Over the past year, SDN awareness has skyrocketed in the mainstream. Most organizations are aware of the technology and now have plans to at least evaluate it. That said, there is still some confusion around the technology, and here are the top 7 misconceptions we see, versus last year.
#1 – SDN is just for cloud and service providers
This was and remains the number one myth over the last 12-18 months. While the early SDN adopters have been cloud providers and folks with large-scale networks, the benefits of SDN (agility, cost, management, innovation) apply to the mainstream, and even midmarket.
#2 – SDN is for the data center only
While much of the SDN talk is in/around the data center (“Hey, I can spin-up VMs in minutes why does it take a week to get network/firewall changes“), SDN has applicability in the WAN and Campus as well. The WAN in particular is a pain-point for many clients as it often takes weeks/months to get bandwidth provisioned and it is very expensive. Not to mention that enterprise bandwidth doubles every 2.9 years and managing hybrid WANs is difficult.
#3 – White-Box Switching is SDN
This holds steady at #3 from last year. You can do white-box (and brite-box) with and without SDN, and vice versa. They are related in the sense that once you move intelligence to the controller, you need less feature capability in the hardware. But people can (and certainly are) doing them independently of one another.
Related research: The Future of Data Center Network Switches Looks ‘Brite’
#4 – SDN is the only path to network agility
To date, the “killer use-case” for SDN has been data center agility. SDN can certainly make your network more agile. However, there are multiple paths to agility, including automation, orchestration and programmable fabrics. Also, don’t get me started on the fact that the value of SDN is way more than agility.
#5 – Programmable Fabrics are SDN
This is a repeat form last year as several vendors offer programmable Ethernet fabrics (often with APIs) that are commonly referred to as SDN. These are often very nice products that solve real problems. If you’re building a new DC network, we’d recommend you go with a fabric. That said, fabrics are not SDN.
Related research: Ending the Confusion About Software-Defined Networking: A Taxonomy (which we are in the process of refreshing) and Technology Overview for Ethernet Switching Fabric
#6 – SDN is just a network upgrade
SDN is not something you do in a 3-day weekend. It is not something you slather across the environment. SDN is an architectural approach, and we’d recommend you deploy it opportunistically and pragmatically associated with business initiatives/needs. Think of the way we deployed load-balancers in the ’90s. It wasn’t all the apps on day 1; it was the ones with specific requirements like the public-facing website (i.e., scale/resiliency). Then, it became a standard to deploy new user-facing apps behind the load-balancer moving forward. Think of SDN in the same manner.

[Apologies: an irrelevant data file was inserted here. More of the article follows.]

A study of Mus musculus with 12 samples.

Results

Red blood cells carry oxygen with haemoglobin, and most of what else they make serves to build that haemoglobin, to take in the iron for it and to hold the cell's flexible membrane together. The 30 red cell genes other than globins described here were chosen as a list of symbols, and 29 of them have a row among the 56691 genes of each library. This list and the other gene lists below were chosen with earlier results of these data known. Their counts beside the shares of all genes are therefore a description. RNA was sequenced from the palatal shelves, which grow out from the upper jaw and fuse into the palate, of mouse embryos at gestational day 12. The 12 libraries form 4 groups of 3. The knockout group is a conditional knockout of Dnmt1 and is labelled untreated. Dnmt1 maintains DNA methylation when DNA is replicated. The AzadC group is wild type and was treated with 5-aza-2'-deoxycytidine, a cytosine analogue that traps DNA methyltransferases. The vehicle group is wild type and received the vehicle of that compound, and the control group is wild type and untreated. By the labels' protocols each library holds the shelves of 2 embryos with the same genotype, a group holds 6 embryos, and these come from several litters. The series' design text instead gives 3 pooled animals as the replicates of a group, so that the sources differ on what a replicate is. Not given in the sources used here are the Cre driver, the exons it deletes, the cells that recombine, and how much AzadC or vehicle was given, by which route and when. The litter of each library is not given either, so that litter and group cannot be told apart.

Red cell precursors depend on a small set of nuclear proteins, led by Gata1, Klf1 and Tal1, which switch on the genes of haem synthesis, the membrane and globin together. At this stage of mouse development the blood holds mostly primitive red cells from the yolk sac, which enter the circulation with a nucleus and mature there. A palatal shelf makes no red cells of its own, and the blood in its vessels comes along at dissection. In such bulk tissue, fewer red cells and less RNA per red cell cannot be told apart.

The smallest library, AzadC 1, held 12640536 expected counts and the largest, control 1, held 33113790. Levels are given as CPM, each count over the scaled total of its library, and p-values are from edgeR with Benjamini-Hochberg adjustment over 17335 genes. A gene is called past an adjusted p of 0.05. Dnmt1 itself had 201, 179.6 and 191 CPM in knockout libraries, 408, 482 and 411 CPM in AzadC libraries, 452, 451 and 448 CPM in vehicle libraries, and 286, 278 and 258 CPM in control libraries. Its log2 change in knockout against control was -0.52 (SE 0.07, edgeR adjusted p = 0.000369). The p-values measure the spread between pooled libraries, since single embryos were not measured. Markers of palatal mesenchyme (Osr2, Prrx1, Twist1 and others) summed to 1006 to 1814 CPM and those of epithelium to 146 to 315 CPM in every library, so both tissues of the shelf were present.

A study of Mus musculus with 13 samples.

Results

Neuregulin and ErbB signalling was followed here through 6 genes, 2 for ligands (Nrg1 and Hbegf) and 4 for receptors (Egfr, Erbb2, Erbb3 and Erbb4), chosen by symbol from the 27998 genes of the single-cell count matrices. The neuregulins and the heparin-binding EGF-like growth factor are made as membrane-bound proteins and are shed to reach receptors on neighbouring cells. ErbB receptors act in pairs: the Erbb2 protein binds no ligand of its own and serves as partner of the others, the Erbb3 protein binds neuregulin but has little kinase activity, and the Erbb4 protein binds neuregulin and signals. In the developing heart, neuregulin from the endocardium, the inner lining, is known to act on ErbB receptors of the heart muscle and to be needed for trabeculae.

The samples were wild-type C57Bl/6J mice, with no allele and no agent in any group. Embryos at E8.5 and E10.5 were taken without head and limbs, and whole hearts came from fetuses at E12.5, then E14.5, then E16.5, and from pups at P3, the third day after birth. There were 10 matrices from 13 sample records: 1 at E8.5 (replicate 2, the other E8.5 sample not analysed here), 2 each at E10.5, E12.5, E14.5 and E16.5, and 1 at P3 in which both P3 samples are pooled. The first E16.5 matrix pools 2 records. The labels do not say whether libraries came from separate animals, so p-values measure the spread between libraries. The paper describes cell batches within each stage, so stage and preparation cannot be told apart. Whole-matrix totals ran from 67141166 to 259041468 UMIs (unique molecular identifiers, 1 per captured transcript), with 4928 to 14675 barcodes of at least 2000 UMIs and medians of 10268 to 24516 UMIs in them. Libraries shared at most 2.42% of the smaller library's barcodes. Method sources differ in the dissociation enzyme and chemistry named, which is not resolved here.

Related Research: Mainstream Organizations Should Prepare for SDN Now
#7 – Programmers will now own the network
Network folks tend to get a little twitchy when they hear that SDN allows “programmatic access to the network”. When combined with reports of DevOps proliferation, the typical response from folks with operational network responsibility is “The last thing I want is developers controlling the network”. However, SDN is not the wild west. Application folks can write APIs to the controller via pre-defined templates or blueprints. These templates are typically setup by a Networking person.
View Free, Relevant Gartner Research
Gartner's research helps you cut through the complexity and deliver the knowledge you need to make the right decisions quickly, and with confidence.Read Free Gartner Research
Comments or opinions expressed on this blog are those of the individual contributors only, and do not necessarily represent the views of Gartner, Inc. or its management. Readers may copy and redistribute blog postings on other blogs, or otherwise for private, non-commercial or journalistic purposes, with attribution to Gartner. This content may not be used for any other purposes in any other formats or media. The content on this blog is provided on an "as-is" basis. Gartner shall not be liable for any damages whatsoever arising out of the content or use of this blog.